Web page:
FDA panel votes to recommend Novavax COVID shot
FDA panel votes to recommend Novavax COVID shot 00:23

A committee of independent Food and Drug Administration vaccine experts has voted to advance a COVID-19 vaccine made by American biotech company Novavax.

Following an hours-long meeting Tuesday, the FDA's Vaccines and Related Biological Products Advisory Committee voted that the health benefits of Novavax's two-dose vaccine outweighed the risks for adults in the U.S. The committee voted 21-to-0, with one abstention.

The FDA could decide as soon as this week whether to issue "emergency use authorization" for the shots, which have already been approved in 41 countries outside of the U.S. 

If cleared for use in the U.S., the shot will be the fourth FDA-approved coronavirus vaccine on the market. Shots from Pfizer, Moderna and Johnson & Johnson have already been cleared for use in adults in the U.S. for well over a year. 

Novavax shares, which have fallen 67% this year, edged up in morning trade on Wall Street. The company first filed for emergency use authorization in late January, behind schedule, after running into manufacturing hurdles.

By now, roughly three-quarters of Americans are vaccinated, making it unclear if Novavax's new tool in the fight against COVID-19 will be able to find a market.

Dr. David Agus answers your COVID questions 05:07

Novavax's shot is a protein vaccine, similar to inoculations that have for years been used to prevent hepatitis B, shingles and other diseases. Pfizer and Moderna's mRNA vaccines, on the other hand, give the body genetic instructions to make copies of the coronavirus' outer coating, prompting the immune system to create antibodies against the virus.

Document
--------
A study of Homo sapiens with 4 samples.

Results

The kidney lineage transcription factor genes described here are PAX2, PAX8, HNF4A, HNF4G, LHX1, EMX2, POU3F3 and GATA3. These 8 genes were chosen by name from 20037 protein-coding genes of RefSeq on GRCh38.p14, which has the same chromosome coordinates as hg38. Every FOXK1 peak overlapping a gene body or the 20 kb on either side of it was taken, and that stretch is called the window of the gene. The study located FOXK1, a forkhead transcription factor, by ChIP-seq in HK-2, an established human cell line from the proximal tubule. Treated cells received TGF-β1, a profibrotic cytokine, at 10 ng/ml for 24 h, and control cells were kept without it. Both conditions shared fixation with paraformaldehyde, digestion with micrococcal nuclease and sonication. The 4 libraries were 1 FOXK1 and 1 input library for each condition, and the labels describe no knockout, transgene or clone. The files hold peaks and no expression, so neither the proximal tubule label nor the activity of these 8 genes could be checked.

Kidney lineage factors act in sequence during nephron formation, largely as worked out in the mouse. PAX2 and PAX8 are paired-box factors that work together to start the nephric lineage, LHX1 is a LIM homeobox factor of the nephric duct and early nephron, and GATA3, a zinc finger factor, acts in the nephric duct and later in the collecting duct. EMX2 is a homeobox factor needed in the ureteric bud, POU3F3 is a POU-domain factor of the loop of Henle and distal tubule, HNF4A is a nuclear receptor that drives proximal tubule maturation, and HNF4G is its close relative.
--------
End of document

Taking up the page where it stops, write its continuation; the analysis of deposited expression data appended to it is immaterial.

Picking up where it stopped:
"The Advisory Committee's positive recommendation acknowledges the strength of our data and the importance of a protein-based COVID-19 vaccine developed using an innovative approach to traditional vaccine technology," Novavax CEO Stanley C. Erck said in a statement. "We have heard in today's VRBPAC meeting the significant support for our vaccine from physicians, healthcare organizations, and consumers who are eagerly anticipating a protein-based vaccine option. We look forward to the FDA decision."

"Very serious" problem

The FDA's vaccine chief, Dr. Peter Marks, told the Associated Press that another vaccine option in the U.S. may entice at least some holdouts to consider rolling up their sleeves.

"We do have a problem with vaccine uptake that is very serious in the United States," Marks said. "Anything we can do to get people more comfortable to accept these potentially life-saving products is something that we feel we are compelled to do."

Maryland-based Novavax has distributed more than 40 million doses of its vaccine across Asia, Europe and elsewhere, and insists that its manufacturing challenges are history. The shot was developed in Novavax's research lab but is produced by the Serum Institute of India.

Data from clinical trials is promising. The Novavax shots were found to be 90.4% effective at preventing mild, moderate or severe infection with early variants of COVID-19. The vaccine was 100% effective at preventing moderate or severe infection in clinical trial participants. 

In documents released Friday, the FDA said 6 out of roughly 40,000 trial participants experienced a form of heart inflammation and determined that the cases "raise the concern for a causal association with the vaccine." 

—The Associated Press contributed to this report.